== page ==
We are introducing a new system of shared parental leave through the Children and Families Bill, which is currently before Parliament, and secondary legislation. It is our intention that the new system be workable and easy to manage for both employers and employees.
Today, I am publishing the Government’s response to the consultation on the administration of shared parental leave and pay which sets out the final detail on how the system will work in practice and the processes that will need to be followed.
We intend to:
require employees to provide employers with a non-binding indication at the outset of when they expect to take shared parental leave and at least eight weeks’ notice of any leave they will actually be taking;
introduce a fixed limit on the number of notifications an employee can give to take shared parental leave. The number of notifications will be capped at three (the first notification and two further notifications or changes). This will be in addition to the notification of entitlement and the non-binding indication of when they expect to take the leave when parents opt into shared parental leave. We will make provisions for changes that are mutually agreed between the employer and employee to not count towards the cap;
set the cut-off point for taking shared parental leave at 52 weeks following birth (or adoption);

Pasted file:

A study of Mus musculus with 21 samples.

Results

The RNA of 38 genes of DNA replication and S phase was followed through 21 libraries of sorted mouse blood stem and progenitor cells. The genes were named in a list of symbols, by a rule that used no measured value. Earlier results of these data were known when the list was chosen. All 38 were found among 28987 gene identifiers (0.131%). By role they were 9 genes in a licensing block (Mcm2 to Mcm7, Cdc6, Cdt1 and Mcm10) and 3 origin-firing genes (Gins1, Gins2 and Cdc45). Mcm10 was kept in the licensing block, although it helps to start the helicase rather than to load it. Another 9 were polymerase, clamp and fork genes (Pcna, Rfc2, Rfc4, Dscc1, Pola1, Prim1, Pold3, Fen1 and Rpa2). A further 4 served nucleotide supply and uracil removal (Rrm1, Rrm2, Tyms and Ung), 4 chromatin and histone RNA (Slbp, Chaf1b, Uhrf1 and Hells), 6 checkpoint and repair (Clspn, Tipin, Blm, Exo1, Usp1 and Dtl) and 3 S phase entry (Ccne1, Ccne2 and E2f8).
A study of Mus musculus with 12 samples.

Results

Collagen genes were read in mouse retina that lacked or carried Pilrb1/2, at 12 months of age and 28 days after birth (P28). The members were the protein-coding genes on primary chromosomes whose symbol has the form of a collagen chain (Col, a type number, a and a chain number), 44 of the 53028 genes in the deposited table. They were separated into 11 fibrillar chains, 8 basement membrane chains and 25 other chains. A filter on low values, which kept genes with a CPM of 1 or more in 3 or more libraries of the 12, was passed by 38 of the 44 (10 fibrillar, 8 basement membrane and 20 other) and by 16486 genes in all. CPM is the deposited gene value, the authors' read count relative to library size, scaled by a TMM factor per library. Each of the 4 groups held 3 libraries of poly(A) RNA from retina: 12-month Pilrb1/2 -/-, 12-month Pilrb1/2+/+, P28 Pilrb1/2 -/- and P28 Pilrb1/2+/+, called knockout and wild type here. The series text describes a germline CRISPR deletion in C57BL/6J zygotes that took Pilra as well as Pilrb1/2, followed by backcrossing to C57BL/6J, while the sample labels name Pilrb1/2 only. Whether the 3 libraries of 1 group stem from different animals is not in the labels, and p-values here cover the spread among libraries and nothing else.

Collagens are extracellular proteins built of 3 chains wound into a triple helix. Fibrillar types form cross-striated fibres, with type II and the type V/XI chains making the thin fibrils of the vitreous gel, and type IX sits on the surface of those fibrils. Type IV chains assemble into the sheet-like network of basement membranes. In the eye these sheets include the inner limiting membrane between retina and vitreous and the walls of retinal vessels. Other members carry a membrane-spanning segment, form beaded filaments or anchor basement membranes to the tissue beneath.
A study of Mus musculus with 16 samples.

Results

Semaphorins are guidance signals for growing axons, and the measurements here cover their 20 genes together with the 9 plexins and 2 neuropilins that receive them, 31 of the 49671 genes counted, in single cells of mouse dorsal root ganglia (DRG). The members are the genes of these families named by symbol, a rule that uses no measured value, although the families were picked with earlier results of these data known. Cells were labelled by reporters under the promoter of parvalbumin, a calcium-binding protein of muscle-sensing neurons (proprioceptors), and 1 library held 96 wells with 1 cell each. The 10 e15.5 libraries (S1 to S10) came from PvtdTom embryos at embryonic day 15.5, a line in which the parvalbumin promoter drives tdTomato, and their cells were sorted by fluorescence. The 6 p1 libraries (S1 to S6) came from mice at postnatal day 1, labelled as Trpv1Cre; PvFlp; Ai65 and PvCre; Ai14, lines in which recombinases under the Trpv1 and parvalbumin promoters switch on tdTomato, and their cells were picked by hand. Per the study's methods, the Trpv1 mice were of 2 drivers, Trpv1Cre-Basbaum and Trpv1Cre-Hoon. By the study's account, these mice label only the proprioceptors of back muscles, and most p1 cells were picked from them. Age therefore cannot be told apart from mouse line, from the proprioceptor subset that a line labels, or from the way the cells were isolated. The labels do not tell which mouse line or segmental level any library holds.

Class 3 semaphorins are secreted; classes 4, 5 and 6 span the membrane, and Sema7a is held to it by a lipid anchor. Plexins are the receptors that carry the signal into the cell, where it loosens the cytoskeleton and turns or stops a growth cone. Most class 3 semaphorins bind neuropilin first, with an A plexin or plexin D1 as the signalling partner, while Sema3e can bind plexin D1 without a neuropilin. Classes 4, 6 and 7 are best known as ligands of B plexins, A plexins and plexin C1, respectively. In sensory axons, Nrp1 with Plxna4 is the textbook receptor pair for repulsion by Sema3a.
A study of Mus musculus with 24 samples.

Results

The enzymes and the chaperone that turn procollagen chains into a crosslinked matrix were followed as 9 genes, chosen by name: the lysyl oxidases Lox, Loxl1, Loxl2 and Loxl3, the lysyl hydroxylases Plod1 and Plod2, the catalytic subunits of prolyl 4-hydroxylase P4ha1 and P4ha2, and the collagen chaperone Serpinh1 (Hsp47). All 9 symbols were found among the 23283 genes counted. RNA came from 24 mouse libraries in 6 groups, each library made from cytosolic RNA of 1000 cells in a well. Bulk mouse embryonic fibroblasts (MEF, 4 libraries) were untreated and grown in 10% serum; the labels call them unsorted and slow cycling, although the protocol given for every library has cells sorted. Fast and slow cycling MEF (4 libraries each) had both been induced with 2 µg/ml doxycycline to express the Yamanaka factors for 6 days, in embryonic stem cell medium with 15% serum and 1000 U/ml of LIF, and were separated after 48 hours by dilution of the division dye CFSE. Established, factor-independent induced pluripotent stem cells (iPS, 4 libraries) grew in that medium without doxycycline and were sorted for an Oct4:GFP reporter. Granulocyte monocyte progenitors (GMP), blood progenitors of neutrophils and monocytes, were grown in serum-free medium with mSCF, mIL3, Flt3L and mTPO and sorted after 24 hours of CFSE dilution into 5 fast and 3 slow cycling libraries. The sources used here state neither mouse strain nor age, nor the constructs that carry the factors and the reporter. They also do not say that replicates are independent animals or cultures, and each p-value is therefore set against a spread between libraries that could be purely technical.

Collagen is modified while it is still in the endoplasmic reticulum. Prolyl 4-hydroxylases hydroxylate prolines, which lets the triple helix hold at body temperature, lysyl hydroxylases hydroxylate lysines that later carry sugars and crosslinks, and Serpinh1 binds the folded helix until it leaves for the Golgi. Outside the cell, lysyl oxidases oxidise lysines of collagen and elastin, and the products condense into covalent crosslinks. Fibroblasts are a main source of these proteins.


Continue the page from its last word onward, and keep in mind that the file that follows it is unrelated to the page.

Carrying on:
create a new provision for each parent to have up to 20 days to support them in returning to work—parents will be able to use these days to return to work on a part-time basis and will be in addition to the 10 “keeping in touch” (KIT) days available during maternity leave;
maintain the right to return to the same job for employees returning from any period of leave that includes maternity, paternity, adoption and shared parental leave that totals 26 weeks or less in aggregate; even if the leave is taken in discontinuous blocks. Any subsequent leave will attract the right to return to the same job, or if that is not reasonably practicable, a similar job.
We also intend to:
align the notification periods for paternity leave and pay;
protect mothers who give binding notice to opt into shared parental leave prior to giving birth, by introducing a right to revoke the notice up to six weeks following birth;
produce guidance to encourage employees who qualify under the new fostering-for-adoption placement process to give employers as much warning as possible.
I have arranged for copies to be put in the House Libraries.